Friday, November 20, 2015

Finding Methods in the Madness

Beginning programmers seem to like monolithic code. Give them a task to program and they start right off. writing everything in one huge method. If you assign them to use a specific method for a specific task they will do that. And the rest of the code will be monolithic. It seems to be hard for them to design code with small modules though. At least it seems they have to be taught to do so. It doesn’t seem to come natural.

Or maybe it’s just the teacher my students suffer with.

In any case, at this point in the semester I am really pushing breaking things down into small pieces and creating methods to handle things. We really just learned about methods in any detail in this first semester programming course so I can understand it not coming natural. On the other hand, we just went into methods in depth and usually students want to use the new thing they have just learned. But not in this case.

This morning I read though all of their code so far. Yep, lots of monolithic code. I spend the first 20 minutes or so of class discussing the different projects they are working on and explaining how I would break up some of the work into individual methods. It seemed to register a bit. I think that some of them who are having trouble debugging their code, in part, because they are trying to code and test “everything” at once, will really benefit from today’s discussion. I hope so.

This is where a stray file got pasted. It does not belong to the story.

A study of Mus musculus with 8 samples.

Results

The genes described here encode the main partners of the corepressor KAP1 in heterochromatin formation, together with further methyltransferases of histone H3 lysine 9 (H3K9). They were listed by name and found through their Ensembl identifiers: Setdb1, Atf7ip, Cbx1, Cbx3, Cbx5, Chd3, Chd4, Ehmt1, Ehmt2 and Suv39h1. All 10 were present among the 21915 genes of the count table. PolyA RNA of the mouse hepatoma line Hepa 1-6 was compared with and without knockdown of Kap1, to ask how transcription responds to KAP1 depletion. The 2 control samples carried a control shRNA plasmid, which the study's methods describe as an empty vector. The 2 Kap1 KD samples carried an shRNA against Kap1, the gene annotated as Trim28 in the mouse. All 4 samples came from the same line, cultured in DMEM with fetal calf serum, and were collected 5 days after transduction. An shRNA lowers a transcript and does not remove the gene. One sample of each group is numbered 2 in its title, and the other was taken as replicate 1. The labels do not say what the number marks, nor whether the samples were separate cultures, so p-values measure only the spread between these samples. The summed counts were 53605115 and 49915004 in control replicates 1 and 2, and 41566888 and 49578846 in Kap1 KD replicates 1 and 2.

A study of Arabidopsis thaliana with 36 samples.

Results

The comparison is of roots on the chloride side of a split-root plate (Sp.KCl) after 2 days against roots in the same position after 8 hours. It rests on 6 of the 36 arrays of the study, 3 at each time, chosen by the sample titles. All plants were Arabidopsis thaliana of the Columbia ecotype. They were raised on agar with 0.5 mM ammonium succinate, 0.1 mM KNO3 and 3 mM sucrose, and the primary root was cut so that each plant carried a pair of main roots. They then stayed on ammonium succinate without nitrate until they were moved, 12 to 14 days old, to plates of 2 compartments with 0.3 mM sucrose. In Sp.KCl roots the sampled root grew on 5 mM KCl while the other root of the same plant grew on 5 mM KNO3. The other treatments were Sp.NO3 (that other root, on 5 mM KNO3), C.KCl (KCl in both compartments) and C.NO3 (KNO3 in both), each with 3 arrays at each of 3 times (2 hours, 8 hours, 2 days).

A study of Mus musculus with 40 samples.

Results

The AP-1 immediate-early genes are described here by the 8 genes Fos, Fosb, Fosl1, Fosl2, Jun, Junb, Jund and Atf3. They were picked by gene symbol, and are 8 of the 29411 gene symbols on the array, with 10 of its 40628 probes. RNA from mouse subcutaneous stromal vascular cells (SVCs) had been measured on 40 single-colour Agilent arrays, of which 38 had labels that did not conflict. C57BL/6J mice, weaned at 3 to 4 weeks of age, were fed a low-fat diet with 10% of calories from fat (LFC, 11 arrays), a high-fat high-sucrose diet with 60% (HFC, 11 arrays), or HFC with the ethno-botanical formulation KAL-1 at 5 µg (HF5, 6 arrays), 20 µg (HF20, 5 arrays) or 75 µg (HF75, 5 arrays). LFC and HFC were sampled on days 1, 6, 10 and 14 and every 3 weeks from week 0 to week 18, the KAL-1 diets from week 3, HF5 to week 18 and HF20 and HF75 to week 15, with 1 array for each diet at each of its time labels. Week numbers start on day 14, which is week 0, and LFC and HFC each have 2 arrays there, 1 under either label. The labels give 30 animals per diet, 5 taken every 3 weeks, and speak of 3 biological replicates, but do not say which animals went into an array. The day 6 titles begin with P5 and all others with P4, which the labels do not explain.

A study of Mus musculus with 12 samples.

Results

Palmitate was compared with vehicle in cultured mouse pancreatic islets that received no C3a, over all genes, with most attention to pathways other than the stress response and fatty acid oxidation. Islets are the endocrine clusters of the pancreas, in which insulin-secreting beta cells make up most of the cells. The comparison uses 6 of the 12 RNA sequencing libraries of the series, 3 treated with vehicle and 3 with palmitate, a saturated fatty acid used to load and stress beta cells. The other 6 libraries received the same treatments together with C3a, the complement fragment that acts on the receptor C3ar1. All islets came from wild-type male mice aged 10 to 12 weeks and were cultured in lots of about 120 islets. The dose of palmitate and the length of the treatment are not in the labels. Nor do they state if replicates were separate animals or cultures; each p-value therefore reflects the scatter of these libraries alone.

Clearly though as we are moving into more complicated projects I need to spend more time talking about design. I’m looking back though my plans from earlier in the semester to see where and how I can talk design long before this point.

The other thing I would like to do is design a big project that requires lots of methods. The idea would be to randomly assign the methods to different students and have a test bed that calls the methods. Students would not know whose methods would be tested with theirs in advance. That way there could be no collusion to bypass the strict specification of inputs and outputs.

My hope is that this would show students the value of methods in larger projects. It should also help them understand the importance of design, specifications, documentation and working as part of a team. I just have to figure out the right project.


Algot Runeman said...

Logo "flowers" came into my mind as I read through this post. As I recall, the Logo process developed from creating a base shape like a square then a rotation loop to repeat the square "method" followed by the named routines (like methods) for making a stem and leaves.

It might help to use a quick review of the Logo process before jumping in with methods in your preferred code-teaching language. The relative simplicity of Logo and its very visual nature could stimulate a good methods discussion and adoption.

Anonymous said...

This is one of the reasons I grade project in modules. They have to show me the various modules (methods in code) before I let them start coding. Trying to get kids away from the keyboard is a constant struggle. "Plan it before you type it" seems to be against their nature. What would be nice is if I could come up with a set of projects that use methods from previous projects. If they wrote the previous project in small parts they just have to reuse the parts.

Mike Zamansky said...

In our AP classes, we've found that when we go "control structures first" the kids tend more to monolithic mains but when we go object/methods first, even though it gives us a more limited tool set in the beginning the kids are more inclined to break things up.